If you have a passing acquaintance with physics, and if you have the least knowledge of biological construction, you know already that giant creatures are flat out impossible, and that if they came into existence at the flick of a wand, they would collapse immediately under the weight of their own flesh.
There is a reason why insects or crustaceans are small, particularly on land. It is the nature of the exoskeleton, in which the structural integrity of the creature comprises an outer shell enveloping the meaty goodness. The bouyancy and pressurization of water will enable larger crustaceans to exist and retain their integrity, but the gentle reader will take note that one does not see four-pound lobsters clambering around, or 20-pound oysters or nestling upon dry land.
It is a simple mathematics problem. If we consider a beetle, for example. It is easy to find an example that might be one centimeter in length, and perhaps a total of one fifth of a cubic centimeter in size. If we suppose that the beetles mass is equal to one fifth of a gram as well, we can compare the beetle's length to its mass as a ratio of 5:1.
If we increase double the length of the beetle, we increase the overall surface of that beetle's shell by the square of that length. The larger beetle's skeleton is now four times larger than before. However, the mass of the body is cubed, and is now eight times larger that it was before. The larger beetle now weighs 1.6 grams. The ratio to its length to mass has changed dramatically, and is now 5:4.
As we continue to double the size of the beetle, the mass increases exponentially while the body size of the beetle increases only arithmetically. In other words, in very short order the beetle hits a size in which it cannot exist. This is why the largest beetles in the world are only 15 centimeters long.
It is no different with creatures with internal structures, like ourselves. If we double the height of a typical 200-lb. human, keeping all things in the same proportions, we find we have a giant that weighs 1,600 lbs ... with a far lesser percentage of that meat directly attached to the bones supporting the weight. Even if we propose that the bones are larger, and that the tendons supporting the muscles and attaching them to the bones are larger, we still find ourselves with massive amounts of flesh and organs which will simply tear free from the structure of the skeleton, reducing our giant a mass of gooey muck.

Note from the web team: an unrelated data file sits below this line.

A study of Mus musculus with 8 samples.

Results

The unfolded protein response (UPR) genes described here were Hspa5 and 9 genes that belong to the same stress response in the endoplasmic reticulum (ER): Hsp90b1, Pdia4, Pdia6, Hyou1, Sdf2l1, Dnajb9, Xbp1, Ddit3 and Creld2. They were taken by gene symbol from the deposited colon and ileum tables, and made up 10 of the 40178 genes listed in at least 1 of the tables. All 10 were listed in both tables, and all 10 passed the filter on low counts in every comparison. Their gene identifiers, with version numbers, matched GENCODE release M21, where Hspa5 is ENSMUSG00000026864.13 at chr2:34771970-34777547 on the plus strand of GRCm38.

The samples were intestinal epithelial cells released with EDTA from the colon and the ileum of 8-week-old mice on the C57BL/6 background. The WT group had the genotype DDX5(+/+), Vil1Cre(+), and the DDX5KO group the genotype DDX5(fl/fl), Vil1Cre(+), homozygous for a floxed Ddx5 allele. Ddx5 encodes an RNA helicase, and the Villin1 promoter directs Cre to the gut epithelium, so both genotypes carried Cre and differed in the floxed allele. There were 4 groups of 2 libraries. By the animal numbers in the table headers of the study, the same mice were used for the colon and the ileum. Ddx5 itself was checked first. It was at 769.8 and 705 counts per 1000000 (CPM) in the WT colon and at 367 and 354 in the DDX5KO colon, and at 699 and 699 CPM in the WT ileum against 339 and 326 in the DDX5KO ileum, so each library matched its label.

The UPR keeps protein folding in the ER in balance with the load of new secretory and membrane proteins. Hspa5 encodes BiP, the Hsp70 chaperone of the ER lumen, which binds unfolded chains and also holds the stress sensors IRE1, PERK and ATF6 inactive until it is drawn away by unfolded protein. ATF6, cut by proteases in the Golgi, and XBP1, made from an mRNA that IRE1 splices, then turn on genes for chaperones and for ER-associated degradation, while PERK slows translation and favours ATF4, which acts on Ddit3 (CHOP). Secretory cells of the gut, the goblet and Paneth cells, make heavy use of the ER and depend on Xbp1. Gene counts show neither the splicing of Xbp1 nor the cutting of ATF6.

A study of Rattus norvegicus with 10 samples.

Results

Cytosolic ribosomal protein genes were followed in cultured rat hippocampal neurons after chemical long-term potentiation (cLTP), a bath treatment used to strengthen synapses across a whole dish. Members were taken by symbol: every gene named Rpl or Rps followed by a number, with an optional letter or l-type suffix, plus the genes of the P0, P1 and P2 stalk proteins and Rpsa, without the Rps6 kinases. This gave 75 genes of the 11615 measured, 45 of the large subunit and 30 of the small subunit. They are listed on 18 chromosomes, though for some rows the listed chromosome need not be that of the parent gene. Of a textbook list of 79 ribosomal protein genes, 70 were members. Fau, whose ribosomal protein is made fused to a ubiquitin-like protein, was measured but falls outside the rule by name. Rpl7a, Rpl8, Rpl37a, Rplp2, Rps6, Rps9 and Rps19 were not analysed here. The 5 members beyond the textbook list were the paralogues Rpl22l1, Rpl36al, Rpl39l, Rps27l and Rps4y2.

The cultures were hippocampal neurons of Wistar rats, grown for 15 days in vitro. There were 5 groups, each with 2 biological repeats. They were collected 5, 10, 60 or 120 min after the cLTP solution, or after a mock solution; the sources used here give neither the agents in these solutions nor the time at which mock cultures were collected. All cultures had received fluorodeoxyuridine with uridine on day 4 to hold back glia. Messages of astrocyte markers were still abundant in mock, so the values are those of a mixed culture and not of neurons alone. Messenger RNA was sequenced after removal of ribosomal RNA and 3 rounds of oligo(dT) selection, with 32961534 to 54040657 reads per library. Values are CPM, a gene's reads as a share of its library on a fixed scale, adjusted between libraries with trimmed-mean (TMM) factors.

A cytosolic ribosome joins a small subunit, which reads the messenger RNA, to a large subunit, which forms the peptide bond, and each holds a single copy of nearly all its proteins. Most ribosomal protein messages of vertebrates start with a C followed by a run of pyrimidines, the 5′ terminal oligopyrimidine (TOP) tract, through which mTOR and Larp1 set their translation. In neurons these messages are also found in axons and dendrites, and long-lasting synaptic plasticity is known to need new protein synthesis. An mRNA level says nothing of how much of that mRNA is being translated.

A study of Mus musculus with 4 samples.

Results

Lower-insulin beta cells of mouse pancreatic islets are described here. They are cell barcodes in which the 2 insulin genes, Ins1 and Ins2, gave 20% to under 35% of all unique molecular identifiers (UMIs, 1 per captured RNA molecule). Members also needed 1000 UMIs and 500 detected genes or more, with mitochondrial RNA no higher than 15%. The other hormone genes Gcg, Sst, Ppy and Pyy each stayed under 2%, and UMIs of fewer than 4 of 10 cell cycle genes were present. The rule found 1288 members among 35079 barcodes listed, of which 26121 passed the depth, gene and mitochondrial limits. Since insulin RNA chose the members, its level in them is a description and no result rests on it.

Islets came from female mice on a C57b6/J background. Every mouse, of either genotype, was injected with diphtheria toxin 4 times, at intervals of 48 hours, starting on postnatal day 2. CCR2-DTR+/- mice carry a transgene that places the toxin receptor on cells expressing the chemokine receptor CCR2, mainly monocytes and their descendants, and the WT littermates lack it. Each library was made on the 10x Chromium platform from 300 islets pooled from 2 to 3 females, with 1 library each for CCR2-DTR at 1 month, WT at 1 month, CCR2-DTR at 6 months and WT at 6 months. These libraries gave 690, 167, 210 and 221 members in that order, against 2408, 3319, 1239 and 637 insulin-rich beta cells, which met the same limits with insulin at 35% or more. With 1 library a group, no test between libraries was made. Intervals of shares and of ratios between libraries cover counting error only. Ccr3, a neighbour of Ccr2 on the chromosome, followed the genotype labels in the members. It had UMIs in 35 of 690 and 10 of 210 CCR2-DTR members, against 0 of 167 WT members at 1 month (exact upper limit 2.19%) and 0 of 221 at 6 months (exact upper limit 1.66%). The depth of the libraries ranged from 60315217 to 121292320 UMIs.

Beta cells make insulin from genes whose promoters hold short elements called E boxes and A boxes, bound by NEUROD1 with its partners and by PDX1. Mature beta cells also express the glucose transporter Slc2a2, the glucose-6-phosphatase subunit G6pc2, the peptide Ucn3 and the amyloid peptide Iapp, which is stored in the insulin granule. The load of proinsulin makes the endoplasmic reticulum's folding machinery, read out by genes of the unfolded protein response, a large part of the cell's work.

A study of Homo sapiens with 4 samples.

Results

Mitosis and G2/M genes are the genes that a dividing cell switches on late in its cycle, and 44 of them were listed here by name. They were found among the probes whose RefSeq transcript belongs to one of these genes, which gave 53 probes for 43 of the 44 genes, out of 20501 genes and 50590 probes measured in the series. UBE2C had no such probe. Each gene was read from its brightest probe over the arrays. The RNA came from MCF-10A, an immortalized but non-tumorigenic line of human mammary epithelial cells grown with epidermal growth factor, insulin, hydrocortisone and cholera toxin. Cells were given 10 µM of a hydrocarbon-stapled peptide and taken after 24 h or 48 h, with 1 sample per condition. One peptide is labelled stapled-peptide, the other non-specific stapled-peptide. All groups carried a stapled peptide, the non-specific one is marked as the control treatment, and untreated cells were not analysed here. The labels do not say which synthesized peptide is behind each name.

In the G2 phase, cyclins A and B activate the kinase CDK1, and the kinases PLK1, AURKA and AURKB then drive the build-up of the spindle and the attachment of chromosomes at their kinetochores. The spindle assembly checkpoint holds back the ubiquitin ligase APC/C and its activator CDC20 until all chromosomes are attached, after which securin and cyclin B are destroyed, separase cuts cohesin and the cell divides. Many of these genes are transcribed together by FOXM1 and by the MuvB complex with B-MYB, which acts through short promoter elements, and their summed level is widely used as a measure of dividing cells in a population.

Now, what I am not saying is that there should be no giant monsters in D&D. Giants, along with huge crabs, ants the size of dogs, hornets the size of Volvos and so on are romantically fascinating things, and the game demands their existence. Rather, I am proposing that there must be some other justification for the presence of these huge versions of smaller, natural creatures. The obvious answer is magic.
We can suppose that there is some sort of 'magical integrity field' that enables the bones of a giant to support its massive size, or a rhinocerous beetle the size of a bus to scurry over the earth despite the comparison of its tiny legs to its necessary weight. Perhaps it is some sort of net, with invisible nodes that extend to each critical support point in the monster's body, sustaining that point and keeping it free of the inexorable pull of gravity. One might imagine having goggles that enable the viewer to see the magical 'tendons' extending throughout the giant creature's body.
Would this not, however, mean that if you chose to detect magic in the direction of a giant scorpion hiding in the bushes, the presence of the scorpion would be revealed? Shouldn't this be true with all such creatures? And if I should choose to dispel magic, shouldn't the body of the cyclops simply collapse, killing the creature? And what other ways might there be to magically affect his integrity field, once we have argued for its existence.
Which creatures would, and would not, have this field? A giant rat is no larger than a small dog. Certainly the reason there are no pig-sized rats in the real world is not because pig-sized creatures can't exist due to the skeletal-to-body mass ratio. So where does one draw the line, exactly. Where does "very large bear" end and "impossibly large bear" begin? When the bear is 1,500 lbs? 1,700 lbs? Do I need my Guinness book of records to tell me when the creature starts being 'magical?'
We could posit that large creatures are 'magical' but that they're a different kind of magical that isn't affected by the existing canon of mage spells. That seems like a bit of a hand wave to me, and in any case begs the question that if this magic integrity field exists, how come mages through the ages haven't researched to find spells that directly effect the field - never mind simply causing damage to the creatures, but rather simply obliterating the creature's ability to keep itself standing upon the earth's gravity well on its spindly little legs?
And while we're on the subject, perhaps the existence of giant creatures isn't regulated by a magical field? What if there's some other reason? I can't think of one and I'm open to suggestions. I know some of you out there will be thinking "smaller gravity well," which has long been the staple of science fiction novels. It won't work. At some point the limit is still met, and mass will still fail to hang off the bone. You've only changed the ratio limit.
The hand wave is the obvious solution. But are we really looking for solutions, or are we looking for new ways to tap into inconsistences that have been hand-waved to the point where we've forgotten a hand wave was necessary? Why shouldn't anti-giant creature magic be in some way be available? "A wizard did it" only preposes that a wizard can undo it.